How to Repair a Flipper Coin

Coin Magic Trick - Flipper Coin

Johnson Flipper Coin

Magic meetings are filled with grabby hands eager to play with other magician’s props.  For this reason, I’ve always been hesitant to hand out any gimmicked coins to the performer who promises to handle the coin magic trick gimmick carefully.  A few years ago at the Columbus Magi-Fest convention, Troy Hooser had brought in a new flipper coin only to hand it out to a fellow magic fan who broke the gimmick.

…and keep in mind this wasn’t a $35 flipper coin.

I had a similar experience this week when I ignored my own advice and handed out my flipper coin only to have it fall apart in a fellow magician’s hands.  Now to be fair, it wasn’t his fault.  The tape simply wore out…and thankfully the band did not.

The following day I proceeded to research how to fix a flipper coin given 2 common flipper coin magic trick problems.

Flipper Coin Problem #1:  Removing the Insert

To remove the insert, you’re going to need a small screwdriver like a jewler’s screwdriver or a thin nail file to pry the insert of the shell.  Fortunately my gimmick was secured with double sided tape so prying off the insert wasn’t difficult.

If have a coin with a glued insert, you’ll need a solvent to weaken the glue such as nail polish remover.

(Hence my preference for double-sided tape)

With the insert set free, you can now replace the band (if necessary)

Flipper Coin Problem #2: Replacing the Band

To replace the band, do the following:

  1. Inspect the insert and remove any remaining fragments of the band
  2. Clean the groove as best you can by running a pin or a thin screwdriver to clean out any bits of the old band
  3. Add the rubber band to the larger piece of the flipper coin
  4. Add the small piece of the flipper coin into band resulting in a completed coin
  5. Secure the insert back into the shell with a small amount of double sided tape.

Flipper Coin Problem #3: Securing the Insert

Some folks swear by glue as a logical bind and other recommend double stick tape and even Blu-Tak.

I haven’t tried Blu-Tak yet but I found the double stick tape was a practical solution.  If you are going to perform gimmick coin magic, then you need to be ready for gimmicks to break.  If you are table-hopping or away from your secret magic library, then you want a quick and reliable solution.

I don’t want to be mixing a 2-part solvent to fix a coin while away and the double stick tape solution seems to do the trick.  Although the Blu-Tak option is intriguing.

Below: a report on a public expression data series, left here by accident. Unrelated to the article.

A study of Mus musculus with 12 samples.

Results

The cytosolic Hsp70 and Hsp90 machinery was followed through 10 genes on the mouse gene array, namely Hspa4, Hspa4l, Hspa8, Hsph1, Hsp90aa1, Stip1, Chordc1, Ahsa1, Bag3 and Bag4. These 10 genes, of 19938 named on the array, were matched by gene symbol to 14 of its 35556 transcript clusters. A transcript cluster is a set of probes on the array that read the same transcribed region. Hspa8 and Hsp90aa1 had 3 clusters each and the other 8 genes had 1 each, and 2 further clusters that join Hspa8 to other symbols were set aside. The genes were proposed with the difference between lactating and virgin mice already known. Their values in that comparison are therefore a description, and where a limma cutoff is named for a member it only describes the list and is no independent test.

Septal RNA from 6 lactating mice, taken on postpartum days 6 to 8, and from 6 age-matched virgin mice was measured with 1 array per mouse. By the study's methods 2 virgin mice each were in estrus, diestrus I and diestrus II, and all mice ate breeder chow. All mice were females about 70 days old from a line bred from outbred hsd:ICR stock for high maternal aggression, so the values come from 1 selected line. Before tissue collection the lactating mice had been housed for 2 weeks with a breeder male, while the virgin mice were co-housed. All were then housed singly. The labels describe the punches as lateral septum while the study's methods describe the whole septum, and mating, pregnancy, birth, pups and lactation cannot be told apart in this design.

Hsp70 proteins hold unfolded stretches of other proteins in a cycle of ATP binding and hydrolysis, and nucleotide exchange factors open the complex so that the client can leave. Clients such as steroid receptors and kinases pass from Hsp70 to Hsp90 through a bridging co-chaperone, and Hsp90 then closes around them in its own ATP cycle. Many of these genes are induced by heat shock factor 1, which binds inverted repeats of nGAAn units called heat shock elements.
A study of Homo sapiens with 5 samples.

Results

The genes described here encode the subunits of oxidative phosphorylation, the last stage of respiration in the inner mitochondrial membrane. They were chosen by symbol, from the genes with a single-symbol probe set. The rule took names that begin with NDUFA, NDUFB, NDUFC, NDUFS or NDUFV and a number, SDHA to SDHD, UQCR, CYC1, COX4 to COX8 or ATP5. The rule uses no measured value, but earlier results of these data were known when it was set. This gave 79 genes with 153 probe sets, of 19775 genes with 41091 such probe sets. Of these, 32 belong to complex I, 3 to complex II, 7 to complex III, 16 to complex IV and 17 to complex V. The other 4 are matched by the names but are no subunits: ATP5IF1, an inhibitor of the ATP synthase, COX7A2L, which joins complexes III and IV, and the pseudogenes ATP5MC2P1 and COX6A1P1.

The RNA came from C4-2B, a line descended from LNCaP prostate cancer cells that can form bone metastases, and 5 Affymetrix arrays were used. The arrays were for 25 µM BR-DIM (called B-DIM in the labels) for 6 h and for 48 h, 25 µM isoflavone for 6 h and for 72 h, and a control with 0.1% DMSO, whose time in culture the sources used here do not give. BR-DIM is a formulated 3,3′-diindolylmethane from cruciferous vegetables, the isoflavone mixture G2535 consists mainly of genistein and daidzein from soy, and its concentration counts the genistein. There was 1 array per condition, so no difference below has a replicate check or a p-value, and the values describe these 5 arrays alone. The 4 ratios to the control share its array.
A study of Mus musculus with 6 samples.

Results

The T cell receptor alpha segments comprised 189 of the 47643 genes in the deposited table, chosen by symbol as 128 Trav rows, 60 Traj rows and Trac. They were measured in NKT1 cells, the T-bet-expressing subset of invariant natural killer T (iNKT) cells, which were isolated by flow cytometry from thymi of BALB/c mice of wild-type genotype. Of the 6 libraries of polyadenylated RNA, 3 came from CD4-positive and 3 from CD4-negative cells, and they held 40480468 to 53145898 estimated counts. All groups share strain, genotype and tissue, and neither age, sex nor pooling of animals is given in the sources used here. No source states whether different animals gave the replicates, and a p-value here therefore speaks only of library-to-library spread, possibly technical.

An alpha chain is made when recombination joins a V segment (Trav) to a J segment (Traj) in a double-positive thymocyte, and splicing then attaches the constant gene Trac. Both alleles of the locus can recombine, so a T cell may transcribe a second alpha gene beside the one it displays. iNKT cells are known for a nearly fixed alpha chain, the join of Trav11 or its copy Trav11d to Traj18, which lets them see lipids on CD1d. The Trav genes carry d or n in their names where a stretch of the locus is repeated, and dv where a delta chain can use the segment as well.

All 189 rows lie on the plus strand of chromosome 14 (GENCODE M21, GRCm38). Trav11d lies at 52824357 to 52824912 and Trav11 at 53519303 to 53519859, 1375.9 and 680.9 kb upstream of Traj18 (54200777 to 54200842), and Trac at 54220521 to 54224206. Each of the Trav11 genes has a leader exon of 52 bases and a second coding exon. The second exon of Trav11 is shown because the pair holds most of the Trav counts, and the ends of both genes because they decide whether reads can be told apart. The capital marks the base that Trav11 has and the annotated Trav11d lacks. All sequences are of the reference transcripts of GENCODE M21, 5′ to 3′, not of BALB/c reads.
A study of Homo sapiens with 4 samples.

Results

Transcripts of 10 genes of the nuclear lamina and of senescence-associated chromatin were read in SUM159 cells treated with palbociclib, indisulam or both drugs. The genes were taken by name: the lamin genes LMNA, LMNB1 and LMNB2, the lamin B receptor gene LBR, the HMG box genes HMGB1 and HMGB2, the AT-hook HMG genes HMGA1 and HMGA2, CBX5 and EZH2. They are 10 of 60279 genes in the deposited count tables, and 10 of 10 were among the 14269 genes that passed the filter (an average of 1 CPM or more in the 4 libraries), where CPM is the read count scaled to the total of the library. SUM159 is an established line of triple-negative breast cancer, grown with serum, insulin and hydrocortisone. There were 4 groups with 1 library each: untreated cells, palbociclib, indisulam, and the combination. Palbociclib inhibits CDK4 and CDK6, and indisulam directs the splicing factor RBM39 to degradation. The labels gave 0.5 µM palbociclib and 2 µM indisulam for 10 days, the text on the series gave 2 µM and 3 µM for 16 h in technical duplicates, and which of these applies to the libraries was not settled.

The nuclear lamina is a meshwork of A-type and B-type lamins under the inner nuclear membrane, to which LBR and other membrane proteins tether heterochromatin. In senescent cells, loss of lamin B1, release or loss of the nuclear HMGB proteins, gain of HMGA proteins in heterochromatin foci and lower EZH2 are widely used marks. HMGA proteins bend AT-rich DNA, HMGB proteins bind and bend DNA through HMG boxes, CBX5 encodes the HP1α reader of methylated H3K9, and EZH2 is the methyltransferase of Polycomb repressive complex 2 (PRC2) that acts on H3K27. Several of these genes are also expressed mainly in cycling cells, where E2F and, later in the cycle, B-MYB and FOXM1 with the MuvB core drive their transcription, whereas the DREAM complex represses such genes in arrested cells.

To secure the insert:

  1. Take a small piece of double stick tape off the role.
  2. Instead of picking up the tape with my fingers, I use tweerzer and the screwdriver to orient the tape
  3. Once the tape has been affixed to the inset, press the insert into the shell
  4. Get back to creating some great coin magic with the good ‘ol flipper coin!

Blu-Tak Update – September 7th, 2010

I was rummaging through my old coin trick collection and found a few other Sasco flipper coins and cigarette through coin gimmicks.  Both were broken and I followed the same steps above and tried Blu-Tak on one of the coins.  I don’t recommend it as the “stick” wasn’t sufficient.  The two halves stuck together but I felt like I had to apply pressure to the coin to keep everything in place.

When I switched to double stick tape, it worked like a charm!

I also played with the stretch of the band to get the flipper coin to open up easier.

In my next post, I’ll be sure to provide a comparison of some of the commonly available flippers.  My Johnston flipper is well machined and worked great.  The Sasco coins didn’t work so well.


  1. Andy
    Wax also works fine to hold a flipper coin together.
    Good job I’m now famous, I’m all over the place.

  2. How do I fix a Johnson Cigarette thru Quarter ? ( broken spring )

  3. Can anybody tell me how to put the band on cig thru £1 coin just got the coin today but no band was on it so got to put it on myself.

  4. I just struck gold, recently, at a magic estate sale, and this is the answer I was looking for after picking up an exquisite coin set that includes a flipper and no bands or instructions (killer deal, I got, for $18, nonetheless). Thank you for sharing this, Andy!

  5. Thanks! I had to change the band on my very first flipper today. It proved to be not so scary thanks to this guide.
    I must have put a slacker band on too. Now, ‘two coins’ can be placed on the table without it forcibly closing, and yet this doesn’t stop it closing when I want it to. I think I prefer this setup.